Alpha - The History

Alpha began life as part of a new state-of-the-art studio complex and headquarters for the regional television franchise company ATV (Associated Television). ATV was the much-loved showbiz heart of what is known today as the ITV network and the new complex was  at the time the most advanced colour television studios in the country.

Construction began in 1967 on the site of the Curzon Hall, an exhibition centre that served as a recruiting office during World War One and later as a cinema and dance hall. The site was also home to original Cadbury’s factory before it moved to its now famous Bourneville address.

The complex was designed by Richard Seifert & Partners, a modernist architectural practice famed for their innovative ideas, use of new materials and methods of construction. Birmingham-born architect George Marsh was at the helm, leading the design and construction of the tower with C. Bryant & Son contractors. The tower was constructed using industry leading methods of the day, including precast concrete floor slabs and in-situ cast cores and stairwells.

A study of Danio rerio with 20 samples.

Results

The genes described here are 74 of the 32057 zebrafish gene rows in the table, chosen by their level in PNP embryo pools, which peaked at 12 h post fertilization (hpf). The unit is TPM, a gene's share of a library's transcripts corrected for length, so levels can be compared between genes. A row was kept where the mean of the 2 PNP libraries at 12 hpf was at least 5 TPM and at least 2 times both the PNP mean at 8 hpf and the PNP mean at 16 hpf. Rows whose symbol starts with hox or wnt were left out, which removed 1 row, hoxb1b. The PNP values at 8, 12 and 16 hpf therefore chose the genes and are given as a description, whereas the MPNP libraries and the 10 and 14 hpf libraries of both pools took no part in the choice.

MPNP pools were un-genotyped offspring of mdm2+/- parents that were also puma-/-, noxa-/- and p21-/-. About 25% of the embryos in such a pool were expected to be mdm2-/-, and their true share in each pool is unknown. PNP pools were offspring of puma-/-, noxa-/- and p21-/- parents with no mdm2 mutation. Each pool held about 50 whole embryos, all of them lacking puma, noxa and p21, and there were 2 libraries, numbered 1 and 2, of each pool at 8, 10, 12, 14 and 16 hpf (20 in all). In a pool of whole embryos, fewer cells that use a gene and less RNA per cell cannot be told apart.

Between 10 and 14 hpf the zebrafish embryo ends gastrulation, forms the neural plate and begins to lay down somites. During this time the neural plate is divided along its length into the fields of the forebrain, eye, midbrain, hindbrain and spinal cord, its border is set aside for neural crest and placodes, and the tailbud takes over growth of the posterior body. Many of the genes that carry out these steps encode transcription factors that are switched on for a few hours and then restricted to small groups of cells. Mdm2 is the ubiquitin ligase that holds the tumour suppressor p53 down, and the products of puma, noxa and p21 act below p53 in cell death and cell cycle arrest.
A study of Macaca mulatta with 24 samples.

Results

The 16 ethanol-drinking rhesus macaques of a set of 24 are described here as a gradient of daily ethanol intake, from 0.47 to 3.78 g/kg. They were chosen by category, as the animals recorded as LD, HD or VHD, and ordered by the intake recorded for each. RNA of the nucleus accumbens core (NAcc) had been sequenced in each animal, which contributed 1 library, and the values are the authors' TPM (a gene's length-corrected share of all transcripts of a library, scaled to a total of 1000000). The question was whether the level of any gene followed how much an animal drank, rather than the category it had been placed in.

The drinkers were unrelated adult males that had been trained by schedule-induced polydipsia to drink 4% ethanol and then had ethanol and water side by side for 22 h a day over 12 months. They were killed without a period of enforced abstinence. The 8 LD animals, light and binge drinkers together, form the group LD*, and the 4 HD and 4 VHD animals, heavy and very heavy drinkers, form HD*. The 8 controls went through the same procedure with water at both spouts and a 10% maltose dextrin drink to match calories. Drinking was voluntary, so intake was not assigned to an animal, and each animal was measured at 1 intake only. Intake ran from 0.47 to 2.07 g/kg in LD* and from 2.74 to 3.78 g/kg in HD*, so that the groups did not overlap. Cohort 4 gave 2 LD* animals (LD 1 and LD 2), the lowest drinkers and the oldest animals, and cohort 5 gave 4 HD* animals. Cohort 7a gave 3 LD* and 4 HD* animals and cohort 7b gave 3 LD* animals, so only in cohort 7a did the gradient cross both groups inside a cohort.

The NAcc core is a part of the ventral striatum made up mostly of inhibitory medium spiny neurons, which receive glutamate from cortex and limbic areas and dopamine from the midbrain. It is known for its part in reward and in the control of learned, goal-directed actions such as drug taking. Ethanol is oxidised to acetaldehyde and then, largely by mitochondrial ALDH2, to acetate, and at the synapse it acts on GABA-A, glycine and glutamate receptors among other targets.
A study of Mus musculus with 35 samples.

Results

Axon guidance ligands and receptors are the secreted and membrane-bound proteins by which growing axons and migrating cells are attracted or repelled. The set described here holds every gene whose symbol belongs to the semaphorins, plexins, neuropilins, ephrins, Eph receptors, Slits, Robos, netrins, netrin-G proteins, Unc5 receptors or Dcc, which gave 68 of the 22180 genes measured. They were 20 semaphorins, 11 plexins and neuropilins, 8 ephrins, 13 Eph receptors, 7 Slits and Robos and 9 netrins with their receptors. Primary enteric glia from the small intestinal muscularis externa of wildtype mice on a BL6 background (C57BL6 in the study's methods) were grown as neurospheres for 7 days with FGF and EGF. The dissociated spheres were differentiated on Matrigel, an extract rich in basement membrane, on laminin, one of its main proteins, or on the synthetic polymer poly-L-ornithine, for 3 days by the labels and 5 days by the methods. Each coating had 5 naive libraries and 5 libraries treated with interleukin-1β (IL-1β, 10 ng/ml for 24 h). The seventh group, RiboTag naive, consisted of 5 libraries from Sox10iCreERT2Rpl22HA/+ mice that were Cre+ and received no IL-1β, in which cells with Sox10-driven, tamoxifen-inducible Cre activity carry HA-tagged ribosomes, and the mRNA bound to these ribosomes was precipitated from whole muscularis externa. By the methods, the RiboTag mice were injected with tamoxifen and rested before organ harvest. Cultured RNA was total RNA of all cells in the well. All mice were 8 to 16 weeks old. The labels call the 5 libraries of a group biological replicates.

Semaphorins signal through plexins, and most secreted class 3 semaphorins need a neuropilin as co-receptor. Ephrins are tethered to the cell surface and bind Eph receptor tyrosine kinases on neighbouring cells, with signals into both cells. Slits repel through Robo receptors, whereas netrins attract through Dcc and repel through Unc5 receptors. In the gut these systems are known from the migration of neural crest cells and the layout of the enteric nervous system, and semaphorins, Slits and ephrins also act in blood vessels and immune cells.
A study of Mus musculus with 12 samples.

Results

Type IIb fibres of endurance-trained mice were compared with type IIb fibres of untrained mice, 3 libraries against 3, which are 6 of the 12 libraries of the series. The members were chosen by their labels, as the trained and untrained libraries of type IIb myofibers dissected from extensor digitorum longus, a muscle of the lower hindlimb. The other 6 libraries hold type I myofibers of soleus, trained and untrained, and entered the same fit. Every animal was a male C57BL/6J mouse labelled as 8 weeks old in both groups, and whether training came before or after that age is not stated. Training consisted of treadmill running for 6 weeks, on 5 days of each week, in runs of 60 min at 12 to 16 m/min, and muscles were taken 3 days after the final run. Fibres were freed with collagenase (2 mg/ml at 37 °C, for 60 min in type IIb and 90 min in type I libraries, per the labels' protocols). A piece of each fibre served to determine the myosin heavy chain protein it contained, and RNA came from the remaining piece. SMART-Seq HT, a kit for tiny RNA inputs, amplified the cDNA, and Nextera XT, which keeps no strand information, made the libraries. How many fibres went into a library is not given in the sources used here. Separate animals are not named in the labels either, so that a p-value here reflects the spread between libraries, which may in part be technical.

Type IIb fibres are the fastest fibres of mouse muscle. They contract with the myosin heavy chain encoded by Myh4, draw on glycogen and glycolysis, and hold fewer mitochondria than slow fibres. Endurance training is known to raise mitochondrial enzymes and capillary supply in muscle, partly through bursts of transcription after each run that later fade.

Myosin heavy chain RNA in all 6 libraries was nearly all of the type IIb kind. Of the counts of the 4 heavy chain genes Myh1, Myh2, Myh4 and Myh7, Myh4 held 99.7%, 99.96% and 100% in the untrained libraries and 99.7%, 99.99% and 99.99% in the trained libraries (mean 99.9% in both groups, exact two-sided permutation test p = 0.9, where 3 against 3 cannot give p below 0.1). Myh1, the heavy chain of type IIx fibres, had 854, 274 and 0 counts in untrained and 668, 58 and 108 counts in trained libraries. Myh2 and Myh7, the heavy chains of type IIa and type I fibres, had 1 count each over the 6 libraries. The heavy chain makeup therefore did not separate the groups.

With its impressive geometry and simple but elegant façade featuring a grid of glass and concrete, the new tower cut a striking figure on the city skyline.

The ATV Centre was opened by Princess Alexandra in 1970 and was the most advanced television production facility in Europe. Many well-loved programmes were made there including Tiswas, The Golden Shot, New Faces, Bullseye and Crossroads.

While the rest of the former ATV Centre has been redeveloped, the sculptural modernist tower retains its place at the heart of the Birmingham, symbolic of the city’s rich broadcasting history. Built at the peak of post-war development, and awarded Grade II listing in 2014, this powerful building is a reminder of just how innovative the city has always been.

Alpha was part of the ATV’s headquarters until 1982. CEG purchased the building in 2014.